Hello! This past month went by fast. Dad and I have been very busy with cultivating crops, our construction project, chores, and harvesting barley.
This year, we are building our fifth hoop building. This one will be next to our three market hog hoop buildings, which were built in 1997. This hoop will be for breeding and gestating sows. It is 30 feet wide and 60 feet long. To start the construction out, we used flags and stakes to mark where the corner posts, water fountains, and gates will be located at the site. Dad and I spent many hours discussing and drawing blueprint plans of how to build the hoop building, where the equipment will be located, gestation crates, gates, doors, cement pads, etc.
The hoop building will hold up to 26 gestation sows. There will be a feeding crate for each sow. When feeding, the doors are opened, feed will be given inside of the crates, and the sows are locked in for about an hour. After eating, the sows are released from the crates. The crates will keep the sows separated while eating. This will help prevent the sows from fighting at that time. The main idea behind this building is to breed the sows at the same time so the farrowing is concentrated. If the pigs are born at the same time, then they will stay in groups and not be mixed with other age pigs. This prevents fighting, and will greatly improve the health of the weaned pigs. The size of the building is determined by the expected number of pigs needed to fill a finishing hoop building. The rest of the hoop building has two water fountains and deep bedded pen.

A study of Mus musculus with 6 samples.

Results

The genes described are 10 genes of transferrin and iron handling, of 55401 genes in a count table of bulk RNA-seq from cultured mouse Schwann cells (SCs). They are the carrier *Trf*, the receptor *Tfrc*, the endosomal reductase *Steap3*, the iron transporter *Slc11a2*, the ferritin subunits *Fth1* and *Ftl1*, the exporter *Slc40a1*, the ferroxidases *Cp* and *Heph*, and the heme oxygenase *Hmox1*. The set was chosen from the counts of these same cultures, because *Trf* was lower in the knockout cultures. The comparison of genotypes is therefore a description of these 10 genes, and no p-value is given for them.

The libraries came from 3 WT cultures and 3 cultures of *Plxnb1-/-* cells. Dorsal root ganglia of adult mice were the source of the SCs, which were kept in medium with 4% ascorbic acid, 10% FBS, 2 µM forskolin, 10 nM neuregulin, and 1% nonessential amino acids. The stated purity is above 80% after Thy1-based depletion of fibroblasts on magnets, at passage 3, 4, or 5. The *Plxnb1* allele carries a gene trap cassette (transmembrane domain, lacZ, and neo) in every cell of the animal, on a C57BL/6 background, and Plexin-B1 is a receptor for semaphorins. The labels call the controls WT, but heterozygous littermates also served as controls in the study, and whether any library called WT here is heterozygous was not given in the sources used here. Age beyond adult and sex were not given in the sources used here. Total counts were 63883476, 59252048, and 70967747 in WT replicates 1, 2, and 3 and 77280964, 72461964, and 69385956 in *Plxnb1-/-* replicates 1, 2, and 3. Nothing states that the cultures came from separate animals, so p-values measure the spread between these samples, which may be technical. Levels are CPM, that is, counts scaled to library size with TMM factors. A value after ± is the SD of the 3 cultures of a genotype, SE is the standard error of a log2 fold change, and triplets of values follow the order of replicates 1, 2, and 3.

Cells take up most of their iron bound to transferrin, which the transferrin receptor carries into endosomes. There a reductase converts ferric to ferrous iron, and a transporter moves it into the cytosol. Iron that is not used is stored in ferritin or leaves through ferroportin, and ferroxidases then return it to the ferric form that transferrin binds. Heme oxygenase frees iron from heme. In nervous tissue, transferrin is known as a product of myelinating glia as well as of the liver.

We need to have this hoop building done by the first of November. We have a long time to work on the construction. At least we are not in a hurry! So far, we have the water lines put in, eight truck loads of rock for the base of the hoop, all the rail ties (side posts) put in with rock and cement around them. Our next step is to pour the cement pads that the crates and water fountains sit on. I can't wait until we put this facility to use!
This past week, I cut about 22 acres of second crop hay. While I was doing that, Dad was cutting barley with the windrower (see Glossary of Farm Terms). It took about two full days to cut about 60 acres of barley. Now with the barley cut, we will spend the last week of July harvesting the barley grain, haul the grain and unload it into the grain bin, and bale the straw. After the straw is put away in the shed, we will return to our construction work.
The second week of July was the Chickasaw County 4-H and FFA Achievement Show. In my local 4-H club, I was on the committee to decorate our fair booth. Our club received third place for the fair booth decorations of racecars, flags, and racetrack. The theme was "Alta Vista Aces- A Starting Line to Success." I took 14 4-H projects to the fair. I received one blue ribbon in Tractor, one Honorable Mention in Self Determined, two blue and one State Fair Consideration in Woodworking, four blue ribbons in Welding, one State Fair Consideration, and one Honorable Mention in Welding. I also received three blue ribbons in Field Crops (I took corn, barley, and hay). I was presented this year's Champion Crop Exhibitor Award for top overall points in judging. I helped with pop sales, Carnival Night, participated in the Tug of War contest, and as County Council member, I helped with a lot of errand running and clean up. I had a lot of fun at the fair!
Farm Fact: We use barley grain for sow feed and the barley straw for livestock bedding. Barley straw is also a good resource for cattle feed. When it is ground and mixed with hay, it is often fed to finishing cattle. Barley straw alone is used to feed stock cows over the winter months.